Story published: May 11, 2020

The day begins on a beautiful spring morning – it’s hard not to feel optimistic when you have trees blooming and birds chirping all around. I’m getting ready to head down to the Mayo Clinic to get the COVID-19 antibody test.

The drive down to Rochester, Minn., is a journey I’ve done many times as an MS (multiple sclerosis) patient, but, in fact, my health is so good that I haven’t had to make the trip very often. I usually bring a family member – I like to have the company and someone else to help digest the information I receive. But this time, I decided to go it alone. I didn’t want to risk any exposure to family members who usually accompany me. So here goes.


Editor’s Note: As the COVID-19 crisis unfolds in Minnesota, certain details in our stories about the impact of the virus may become outdated within hours, days or weeks of our publication. For the most up-to-date information about the coronavirus in Minnesota, please visit the websites for the Office of Governor Tim Walz and Lt. Governor Peggy Flanagan or the Minnesota Department of Health.


First, let’s talk about the science with Dr. Bharat Thyagarajan from the University of Minnesota Medical School. There have been good and bad tests flooding the market – not all of the immunity tests are created equal. The doctor is skeptical about the rapid tests, though he does trust the tests that came out later, have FDA approval and take longer to run because they have better sensitivity for COVID-19 without as much cross-reacting. He says that the tests underway at Mayo and U of M have undergone fairly extensive validation.

At the blood donation building on the extensive Mayo Clinic campus, my blood draw is straight-forward and doesn’t take long at all. Now we wait for results.

What is less promising of late is the confidence in the staying power of antibodies or immunity. Dr. Thyagarajan doesn’t know the answer to that question and acknowledges that, “All we can say at this point is you’ve had exposure to COVID in the past. What it means for the future is really unclear. We hope antibodies will provide some level of immunity, but the data on this is not yet available.” At this point in the flurry of global research, experts hold out the most hope in plasma donations from people who carry the antibodies as one way to help people with active cases.

So why I’m having this antibody test? Back in February, I contracted a severe upper respiratory illness, and then my husband quickly got it afterwards. He noted that, for weeks, he lost his sense of taste, an unusual experience to say the least. When I shared my symptoms and circumstances with my doctor here at Mayo, he ordered the immunity test for me. My aim is to know whether or not I’m at all immune – for my colleagues, for the public I interact with in my work at the Capitol – and to maybe be able to donate my plasma if I can help save lives. We hope to get results within about a day.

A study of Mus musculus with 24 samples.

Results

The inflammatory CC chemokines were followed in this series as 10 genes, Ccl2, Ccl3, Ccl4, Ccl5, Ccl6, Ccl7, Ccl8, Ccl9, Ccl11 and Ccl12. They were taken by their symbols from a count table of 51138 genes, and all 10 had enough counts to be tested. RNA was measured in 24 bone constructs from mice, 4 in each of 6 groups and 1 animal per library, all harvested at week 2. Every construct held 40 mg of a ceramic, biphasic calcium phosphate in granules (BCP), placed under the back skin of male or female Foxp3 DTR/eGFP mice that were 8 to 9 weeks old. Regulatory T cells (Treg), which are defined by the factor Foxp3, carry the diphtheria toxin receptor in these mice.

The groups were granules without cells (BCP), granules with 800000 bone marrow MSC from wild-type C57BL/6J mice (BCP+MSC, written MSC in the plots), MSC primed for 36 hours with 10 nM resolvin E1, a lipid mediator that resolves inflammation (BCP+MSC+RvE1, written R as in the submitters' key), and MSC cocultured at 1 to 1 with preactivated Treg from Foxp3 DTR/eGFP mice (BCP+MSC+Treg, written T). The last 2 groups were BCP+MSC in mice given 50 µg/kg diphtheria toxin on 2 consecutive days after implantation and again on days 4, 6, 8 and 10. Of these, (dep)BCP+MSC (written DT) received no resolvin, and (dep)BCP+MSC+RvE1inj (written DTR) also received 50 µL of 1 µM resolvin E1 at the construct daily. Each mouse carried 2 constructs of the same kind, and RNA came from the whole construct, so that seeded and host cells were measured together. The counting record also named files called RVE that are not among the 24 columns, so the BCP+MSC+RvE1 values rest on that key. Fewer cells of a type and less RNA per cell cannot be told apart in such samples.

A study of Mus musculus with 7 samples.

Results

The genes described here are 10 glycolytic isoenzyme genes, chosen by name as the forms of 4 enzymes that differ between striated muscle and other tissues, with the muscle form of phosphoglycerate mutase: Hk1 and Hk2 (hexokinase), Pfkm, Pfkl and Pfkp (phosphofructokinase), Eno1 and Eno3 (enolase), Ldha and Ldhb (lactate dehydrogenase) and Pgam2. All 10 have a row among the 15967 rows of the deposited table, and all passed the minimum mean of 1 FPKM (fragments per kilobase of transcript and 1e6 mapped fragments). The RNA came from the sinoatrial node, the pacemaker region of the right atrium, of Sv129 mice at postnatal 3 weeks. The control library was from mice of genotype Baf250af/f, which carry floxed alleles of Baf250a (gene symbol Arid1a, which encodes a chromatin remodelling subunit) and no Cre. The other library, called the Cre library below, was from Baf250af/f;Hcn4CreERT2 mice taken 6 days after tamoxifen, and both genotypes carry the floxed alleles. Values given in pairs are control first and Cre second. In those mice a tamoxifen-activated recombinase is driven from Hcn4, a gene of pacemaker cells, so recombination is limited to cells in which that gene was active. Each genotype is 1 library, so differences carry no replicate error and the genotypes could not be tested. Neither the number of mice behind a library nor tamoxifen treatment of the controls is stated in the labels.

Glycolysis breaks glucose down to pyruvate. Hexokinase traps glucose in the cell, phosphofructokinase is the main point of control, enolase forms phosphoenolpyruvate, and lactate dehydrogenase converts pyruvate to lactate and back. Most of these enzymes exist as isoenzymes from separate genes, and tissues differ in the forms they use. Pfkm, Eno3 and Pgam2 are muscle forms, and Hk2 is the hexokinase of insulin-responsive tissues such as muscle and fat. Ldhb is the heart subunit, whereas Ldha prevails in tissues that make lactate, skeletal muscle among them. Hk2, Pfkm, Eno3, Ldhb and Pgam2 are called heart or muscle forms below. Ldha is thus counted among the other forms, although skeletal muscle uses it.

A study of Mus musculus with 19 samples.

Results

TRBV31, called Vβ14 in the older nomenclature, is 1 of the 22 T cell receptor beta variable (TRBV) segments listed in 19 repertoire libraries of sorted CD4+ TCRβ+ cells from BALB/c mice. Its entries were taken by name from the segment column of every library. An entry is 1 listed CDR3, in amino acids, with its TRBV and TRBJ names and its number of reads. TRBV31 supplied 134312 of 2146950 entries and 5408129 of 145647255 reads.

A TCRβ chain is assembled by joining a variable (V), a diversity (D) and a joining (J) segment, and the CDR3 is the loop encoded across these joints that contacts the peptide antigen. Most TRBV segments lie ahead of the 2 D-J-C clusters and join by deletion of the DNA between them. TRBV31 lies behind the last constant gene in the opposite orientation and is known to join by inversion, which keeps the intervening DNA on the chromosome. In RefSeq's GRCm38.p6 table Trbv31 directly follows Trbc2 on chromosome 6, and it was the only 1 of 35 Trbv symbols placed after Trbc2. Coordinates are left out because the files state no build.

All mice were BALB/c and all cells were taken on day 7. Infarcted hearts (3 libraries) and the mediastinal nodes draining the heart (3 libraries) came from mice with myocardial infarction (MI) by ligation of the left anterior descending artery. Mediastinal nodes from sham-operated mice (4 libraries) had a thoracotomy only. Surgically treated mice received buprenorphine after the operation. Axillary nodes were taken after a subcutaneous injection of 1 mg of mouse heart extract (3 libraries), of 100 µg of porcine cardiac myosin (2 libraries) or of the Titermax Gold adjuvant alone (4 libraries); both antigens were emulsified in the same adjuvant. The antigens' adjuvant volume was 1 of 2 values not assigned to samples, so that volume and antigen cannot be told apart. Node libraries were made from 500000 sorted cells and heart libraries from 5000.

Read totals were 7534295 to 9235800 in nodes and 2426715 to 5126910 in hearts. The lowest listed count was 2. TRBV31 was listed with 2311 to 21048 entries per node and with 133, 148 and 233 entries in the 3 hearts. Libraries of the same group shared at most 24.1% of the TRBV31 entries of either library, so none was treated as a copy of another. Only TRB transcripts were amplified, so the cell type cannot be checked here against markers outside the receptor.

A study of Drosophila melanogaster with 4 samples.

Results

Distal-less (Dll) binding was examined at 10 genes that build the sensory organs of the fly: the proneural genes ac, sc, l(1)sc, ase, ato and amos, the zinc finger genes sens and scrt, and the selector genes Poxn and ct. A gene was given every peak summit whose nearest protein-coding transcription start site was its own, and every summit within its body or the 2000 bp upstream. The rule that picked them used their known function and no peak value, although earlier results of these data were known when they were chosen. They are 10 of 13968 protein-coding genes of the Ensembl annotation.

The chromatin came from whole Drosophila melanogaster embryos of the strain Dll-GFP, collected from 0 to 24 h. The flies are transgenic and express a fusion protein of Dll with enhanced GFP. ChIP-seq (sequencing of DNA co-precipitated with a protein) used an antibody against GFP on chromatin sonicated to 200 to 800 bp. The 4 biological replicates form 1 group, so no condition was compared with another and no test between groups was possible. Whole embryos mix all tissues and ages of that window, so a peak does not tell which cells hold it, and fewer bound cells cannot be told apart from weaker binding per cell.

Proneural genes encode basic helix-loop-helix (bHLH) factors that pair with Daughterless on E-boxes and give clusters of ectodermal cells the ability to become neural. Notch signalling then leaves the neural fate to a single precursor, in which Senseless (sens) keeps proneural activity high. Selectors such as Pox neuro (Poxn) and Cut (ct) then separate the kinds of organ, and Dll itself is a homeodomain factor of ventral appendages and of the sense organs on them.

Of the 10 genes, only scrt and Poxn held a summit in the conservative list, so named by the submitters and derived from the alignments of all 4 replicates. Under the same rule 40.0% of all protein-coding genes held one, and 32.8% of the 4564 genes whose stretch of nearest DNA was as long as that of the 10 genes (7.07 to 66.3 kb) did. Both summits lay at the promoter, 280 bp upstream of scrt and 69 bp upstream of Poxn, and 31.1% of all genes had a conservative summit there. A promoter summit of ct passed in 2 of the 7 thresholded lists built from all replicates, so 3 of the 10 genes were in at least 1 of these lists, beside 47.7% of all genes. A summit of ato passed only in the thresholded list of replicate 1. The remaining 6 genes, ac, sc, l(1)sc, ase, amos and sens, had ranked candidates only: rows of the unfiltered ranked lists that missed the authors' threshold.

Dr. Thyagarajan thinks that people working in essential professions should get this test. “Yes, I think it does definitely make sense. When I said high-risk people  – I tend to think of them as healthcare workers, but they are not the only people who are at high risk. First responders, cops, people working in grocery stores, journalists.”

His advice for the general public, people who may be watching and want to get the antibody test themselves? “If you want to get the antibody test, do that in consultation with your physician and not outside of the healthcare system.”

About a week later, test results are in, and I find out I’m negative for the antibodies. My doctor says especially since my flu test was negative, it’s possible I had A coronavirus, but not THE COVID-19 coronavirus.


Diagnosing and treating patients with the novel coronavirus comes with different challenges for rural and regional healthcare systems located outside major metropolitan areas. One Greater Minnesota reporter Kaomi Goetz interviewed Essentia Health’s Chief Medical Officer Dr. Peter Henry to find out more about how rural healthcare providers are getting ready for an influx of coronavirus cases. 

As the approximately 6 million pregnant women in the U.S. face uncertainty due to COVID-19, one Twin Cities PBS producer plans to chronicle her story and that of others along the way. Check out Pregnancy in the Time of Coronavirus.

As part of her reporting on the impact of the coronavirus in Minnesota, Mary Lahammer spoke with Commissioner of IT Services Tarek Tomes on the ways in which the pandemic has put a spotlight on the state’s already challenging inequities. One issue that laced through their conversation? Minnesota’s growing digital divide.